Matthew 25:44 asks, “Lord…when did we see you a stranger?” 

I was a 19-year-old undergraduate student when I first glimpsed the meaning of transcendence. I was a lonely, struggling fundamentalist from a trailer park studying philosophy at Dallas Baptist University (DBU). After a lecture on our reading of Søren Kierkegaard’s “Fear and Trembling,” my naive view of God simply disappeared from my mind’s eye.  

I’ll be honest: my previous vision was of a white-bearded man resembling the Disney villain Jafar. Please don’t ask. I don’t know why. 

Without this childish image, I visualized only the darkness of space in the universe, but as a fullness rather than an emptiness. 

I have been unpacking that moment ever since. The “deep, full darkness” seems nearly as naive to me now as the bearded man did then, but the image no longer matters. 

Last November, I completed my PhD dissertation examining the relationship between individuals and society. I studied this relationship by comparing Christian theologian Karl Barth and Jewish phenomenologist Emmanuel Levinas. I applied this analysis to political philosophy, but the transcendence I first experienced in a cramped townhome at DBU is the key to its implications. 

Levinas has a unique, profound approach to ethics primarily concerned with “encounter with the Other.” I borrow a particular interpretation of Barth’s theology to argue that encounter with the Other, in Levinas’s terms, clarifies something of utmost importance for the church. 

If we take God’s transcendence seriously, understanding that God exceeds the grasp of human comprehension as the originator of the entire knowable universe, then we think of God as the Stranger. God, the creator, is Other than all creation. God is the Stranger to everything we can know. 

There are two primary implications to confessing God’s transcendence. First, our talk about God must recognize its own limitations. Second, our relation to God the Stranger shapes how we interact with strangers daily. 

To the first point, Barth’s theology is uniquely “dialectical.” This means different things in different contexts, but Barth uses it in reference to Kiekegaard’s emphasis on the confrontation between the infinite God and finite humanity. 

For Kierkegaard and Barth, we do not “study” God as we would study a deep-ocean species or a distant galaxy. Instead, God confronts us, grasps us in the moment of encounter, and, in that moment, reshapes and redirects us. We experience God’s Self-revelation not as the “Aha!” of self-discovery but as the “Woe to me!” of Isaiah 6:5. In that moment, everything we are and know and everything familiar to us is called into question by something strange, beyond, different, and other. 

If theology aims to know the transcendent God, then our task is to point to the moment of encounter beyond our grasp and control. As Barth repeatedly mentions through his extensive writings, we are like John the Baptist in the Isenheim Altarpiece, pointing with a gnarled hand at the Son of God.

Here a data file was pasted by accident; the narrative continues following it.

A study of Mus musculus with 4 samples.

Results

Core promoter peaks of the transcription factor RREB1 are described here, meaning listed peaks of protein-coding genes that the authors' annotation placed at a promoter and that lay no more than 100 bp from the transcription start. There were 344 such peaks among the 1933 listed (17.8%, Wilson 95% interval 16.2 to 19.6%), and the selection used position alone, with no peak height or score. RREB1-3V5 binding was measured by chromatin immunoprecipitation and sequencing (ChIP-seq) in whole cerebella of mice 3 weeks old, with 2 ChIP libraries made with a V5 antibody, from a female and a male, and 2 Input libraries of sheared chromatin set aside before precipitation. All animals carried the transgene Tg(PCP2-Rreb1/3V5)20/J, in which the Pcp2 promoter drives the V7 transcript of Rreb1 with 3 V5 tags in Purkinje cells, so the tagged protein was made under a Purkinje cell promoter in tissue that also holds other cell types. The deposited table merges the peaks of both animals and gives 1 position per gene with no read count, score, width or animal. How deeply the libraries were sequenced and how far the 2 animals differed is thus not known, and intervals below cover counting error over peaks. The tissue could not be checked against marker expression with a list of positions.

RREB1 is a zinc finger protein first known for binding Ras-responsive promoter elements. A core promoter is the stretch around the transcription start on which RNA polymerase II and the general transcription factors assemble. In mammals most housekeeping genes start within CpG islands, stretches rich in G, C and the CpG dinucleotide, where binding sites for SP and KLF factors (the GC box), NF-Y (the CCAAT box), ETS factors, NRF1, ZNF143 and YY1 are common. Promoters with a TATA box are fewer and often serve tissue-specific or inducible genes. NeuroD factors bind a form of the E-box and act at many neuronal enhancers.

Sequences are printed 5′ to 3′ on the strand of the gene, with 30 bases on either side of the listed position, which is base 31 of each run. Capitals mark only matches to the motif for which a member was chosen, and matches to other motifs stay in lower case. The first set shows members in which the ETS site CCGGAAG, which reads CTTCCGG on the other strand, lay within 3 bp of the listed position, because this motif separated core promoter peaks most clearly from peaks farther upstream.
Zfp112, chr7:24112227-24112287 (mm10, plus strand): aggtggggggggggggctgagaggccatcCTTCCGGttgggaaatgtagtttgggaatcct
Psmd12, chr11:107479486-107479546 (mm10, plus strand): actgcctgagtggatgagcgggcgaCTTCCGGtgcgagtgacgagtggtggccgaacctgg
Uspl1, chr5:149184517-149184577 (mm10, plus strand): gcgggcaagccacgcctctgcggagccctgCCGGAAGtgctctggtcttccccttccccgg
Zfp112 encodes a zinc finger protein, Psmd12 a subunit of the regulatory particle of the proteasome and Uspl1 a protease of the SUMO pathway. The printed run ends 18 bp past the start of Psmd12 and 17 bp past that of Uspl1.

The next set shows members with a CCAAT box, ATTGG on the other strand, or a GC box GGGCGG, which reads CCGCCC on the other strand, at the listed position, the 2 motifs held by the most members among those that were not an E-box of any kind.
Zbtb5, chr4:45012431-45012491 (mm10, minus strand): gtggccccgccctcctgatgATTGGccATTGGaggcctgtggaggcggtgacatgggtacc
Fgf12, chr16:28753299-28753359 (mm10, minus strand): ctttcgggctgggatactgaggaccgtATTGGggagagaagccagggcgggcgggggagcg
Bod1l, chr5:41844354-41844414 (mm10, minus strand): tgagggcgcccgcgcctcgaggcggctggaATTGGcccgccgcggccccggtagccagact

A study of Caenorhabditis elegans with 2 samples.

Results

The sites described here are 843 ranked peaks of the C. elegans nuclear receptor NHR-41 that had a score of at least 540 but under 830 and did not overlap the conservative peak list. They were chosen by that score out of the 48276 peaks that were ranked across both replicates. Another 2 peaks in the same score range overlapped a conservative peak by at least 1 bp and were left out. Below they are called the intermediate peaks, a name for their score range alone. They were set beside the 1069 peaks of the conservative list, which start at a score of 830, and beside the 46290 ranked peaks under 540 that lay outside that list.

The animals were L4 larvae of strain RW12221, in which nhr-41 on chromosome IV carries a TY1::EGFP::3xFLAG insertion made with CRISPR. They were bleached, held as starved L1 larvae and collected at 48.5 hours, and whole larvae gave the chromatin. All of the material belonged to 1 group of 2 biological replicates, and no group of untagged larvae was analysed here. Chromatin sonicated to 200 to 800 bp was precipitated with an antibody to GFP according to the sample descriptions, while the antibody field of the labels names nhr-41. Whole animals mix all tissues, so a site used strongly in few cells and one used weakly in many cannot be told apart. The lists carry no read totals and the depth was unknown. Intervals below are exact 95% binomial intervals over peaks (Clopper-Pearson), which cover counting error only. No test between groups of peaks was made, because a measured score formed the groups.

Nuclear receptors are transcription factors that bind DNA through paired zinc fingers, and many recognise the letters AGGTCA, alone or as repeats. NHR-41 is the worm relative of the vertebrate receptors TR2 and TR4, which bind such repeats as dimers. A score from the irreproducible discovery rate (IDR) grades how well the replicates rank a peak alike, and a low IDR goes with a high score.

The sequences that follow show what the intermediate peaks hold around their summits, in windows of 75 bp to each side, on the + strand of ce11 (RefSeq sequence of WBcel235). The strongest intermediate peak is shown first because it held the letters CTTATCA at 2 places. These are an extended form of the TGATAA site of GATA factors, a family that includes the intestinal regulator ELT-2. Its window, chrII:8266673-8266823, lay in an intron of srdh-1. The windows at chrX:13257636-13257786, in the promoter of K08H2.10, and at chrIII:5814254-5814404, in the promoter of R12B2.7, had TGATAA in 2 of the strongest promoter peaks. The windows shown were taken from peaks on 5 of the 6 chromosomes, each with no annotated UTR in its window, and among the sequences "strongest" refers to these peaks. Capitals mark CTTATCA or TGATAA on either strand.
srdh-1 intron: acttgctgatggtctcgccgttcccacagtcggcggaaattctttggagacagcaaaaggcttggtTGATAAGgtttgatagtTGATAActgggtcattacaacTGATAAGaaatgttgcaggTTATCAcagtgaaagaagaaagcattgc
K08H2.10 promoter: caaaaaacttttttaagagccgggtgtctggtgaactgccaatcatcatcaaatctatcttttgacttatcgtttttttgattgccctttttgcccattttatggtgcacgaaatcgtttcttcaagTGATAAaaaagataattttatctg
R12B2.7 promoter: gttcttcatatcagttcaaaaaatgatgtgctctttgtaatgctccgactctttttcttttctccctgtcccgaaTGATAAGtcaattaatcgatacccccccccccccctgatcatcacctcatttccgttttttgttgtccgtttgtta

Theology is not a systematization of data but an ongoing response to “encounter” that remains forever open to revision and reform in relation to the transcendent God. 

To the second point, and in fulfillment of numerous biblical passages, encounter with God the Stranger reshapes how we interact with the strangers we meet in everyday life. As God cares for us creatures, strangers to the infinite goodness of God’s being and character, we are called to care for the strangers we meet. Matthew 25:31-46 primes us to treat the stranger as Jesus, God the Stranger in human flesh. 

The image of God in my mind’s eye no longer matters because it could never grasp the transcendent God. I find the image of God in the strangers I meet—the person of a different race, faith, gender, sexual orientation, politics or any other signifier of difference whom I have the pleasure to meet. Because God the Stranger cared for me, I am called to care for the stranger, hear their needs, and take action to address them. 

In his philosophy, Levinas refers to this call to care for the stranger as “infinite responsibility”: the concrete, material needs (as opposed to spiritual or otherwise immaterial) that humans impose upon us and shape us. As individuals, we are shaped, first and foremost, by our responsibility to the stranger. 

The contemporary social-political moment confronts us with the stranger—Israelis and Palestinians, Russians and Ukrainians, ultra-nationalists and migrants/ refugees, and the member of your family, congregation or friend group who becomes a stranger by ardently arguing against you on any number of these topics. 

Levinas and Barth lead me to ask: What would it change if our ethics, politics and faith were predicated upon care for the stranger rather than on their domination and destruction?